The temptation to get discouraged is real when new ideas fail or a potentially significant new client rejects your proposal. Stay positive and develop the ability to dust yourself off and move on. Learn from past disappointments fast and you’ll succeed in the long run.
2. Time management
As an accountant, you are partly a salesman of your time. The reality, however, is that not all time spent on business activities is recoverable from clients. With time as a limited resource, it is imperative that you manage your time with the utmost efficiency, strategically balancing time spent on billable (revenue generation) and non-billable (creating systems for revenue generation) activities. Your business depends on this.
Networking should be considered a necessary tool for growing your business throughout its lifetime, but even more so in the early days. Relationships built today might not lead to immediate business opportunities tomorrow, but it will make key industry players aware of your existence which often leads to long-term business opportunities down the line. Be ready to pitch your brand in any situation and carry your details with you at all times.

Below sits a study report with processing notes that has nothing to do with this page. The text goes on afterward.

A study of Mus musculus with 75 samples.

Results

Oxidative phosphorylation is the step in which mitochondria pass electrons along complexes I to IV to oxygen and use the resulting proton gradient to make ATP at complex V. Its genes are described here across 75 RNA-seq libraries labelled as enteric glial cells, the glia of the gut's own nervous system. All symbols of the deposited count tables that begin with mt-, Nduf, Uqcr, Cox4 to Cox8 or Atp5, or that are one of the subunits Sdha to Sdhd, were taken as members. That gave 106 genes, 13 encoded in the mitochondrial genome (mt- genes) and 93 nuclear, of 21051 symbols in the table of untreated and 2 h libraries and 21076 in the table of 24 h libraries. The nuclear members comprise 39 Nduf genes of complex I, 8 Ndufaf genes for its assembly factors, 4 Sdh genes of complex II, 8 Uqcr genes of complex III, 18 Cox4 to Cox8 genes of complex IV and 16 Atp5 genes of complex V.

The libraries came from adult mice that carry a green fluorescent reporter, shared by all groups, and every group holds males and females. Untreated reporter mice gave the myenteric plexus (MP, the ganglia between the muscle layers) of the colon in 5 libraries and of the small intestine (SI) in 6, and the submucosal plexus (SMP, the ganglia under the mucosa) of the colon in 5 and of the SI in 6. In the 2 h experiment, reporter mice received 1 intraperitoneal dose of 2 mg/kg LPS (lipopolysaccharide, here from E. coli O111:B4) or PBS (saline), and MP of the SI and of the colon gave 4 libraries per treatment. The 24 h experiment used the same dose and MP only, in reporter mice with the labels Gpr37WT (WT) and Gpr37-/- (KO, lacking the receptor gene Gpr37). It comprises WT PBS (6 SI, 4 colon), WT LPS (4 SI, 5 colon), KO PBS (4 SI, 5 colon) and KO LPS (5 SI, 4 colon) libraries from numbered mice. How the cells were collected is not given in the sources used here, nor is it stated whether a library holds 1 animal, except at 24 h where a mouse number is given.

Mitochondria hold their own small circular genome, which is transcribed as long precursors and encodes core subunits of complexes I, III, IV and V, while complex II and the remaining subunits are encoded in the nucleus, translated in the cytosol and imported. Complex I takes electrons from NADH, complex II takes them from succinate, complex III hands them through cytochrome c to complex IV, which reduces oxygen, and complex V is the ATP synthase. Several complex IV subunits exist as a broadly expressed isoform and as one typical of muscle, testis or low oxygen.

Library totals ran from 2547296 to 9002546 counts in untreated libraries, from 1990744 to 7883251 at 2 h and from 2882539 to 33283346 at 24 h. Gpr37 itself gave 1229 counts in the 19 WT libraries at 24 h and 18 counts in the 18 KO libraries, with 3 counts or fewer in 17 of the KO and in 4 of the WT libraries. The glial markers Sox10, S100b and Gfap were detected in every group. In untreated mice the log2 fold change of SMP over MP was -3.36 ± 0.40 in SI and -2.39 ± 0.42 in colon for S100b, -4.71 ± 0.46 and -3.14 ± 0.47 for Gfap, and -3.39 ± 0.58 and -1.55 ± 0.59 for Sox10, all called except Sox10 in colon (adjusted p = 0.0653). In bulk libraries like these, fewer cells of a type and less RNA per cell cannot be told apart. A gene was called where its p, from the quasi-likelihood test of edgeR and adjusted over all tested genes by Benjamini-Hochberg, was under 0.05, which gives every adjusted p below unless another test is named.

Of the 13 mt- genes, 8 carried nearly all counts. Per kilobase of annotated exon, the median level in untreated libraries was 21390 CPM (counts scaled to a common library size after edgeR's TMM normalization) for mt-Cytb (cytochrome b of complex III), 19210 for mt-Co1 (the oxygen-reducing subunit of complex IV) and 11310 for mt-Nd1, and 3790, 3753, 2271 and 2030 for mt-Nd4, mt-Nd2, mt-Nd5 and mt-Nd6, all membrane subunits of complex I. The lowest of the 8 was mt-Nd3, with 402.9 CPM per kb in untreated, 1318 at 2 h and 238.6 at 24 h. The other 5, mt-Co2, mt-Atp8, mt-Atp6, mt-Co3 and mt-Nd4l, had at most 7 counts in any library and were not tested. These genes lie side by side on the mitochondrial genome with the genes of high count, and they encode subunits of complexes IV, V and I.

4. Managing cash flow
The lifeblood of any small business is cash flow and subsequently the management thereof. Make an effort to stay as lean as possible for as long as possible. Increase spending on infrastructure as necessitated by growth in clients and generally cut spending on “nice to haves”. If you can hold meetings in your clients’ offices during the start-up phase, avoid buying a plot in the newest office park – however nice the view is.
5. Personal touch
Keep things professional, but never cold. Get to know your clients. This is your competitive advantage over the bigger firms. Create a family environment that your staff and clients really want to be part of. Key to getting this right? Effective communication.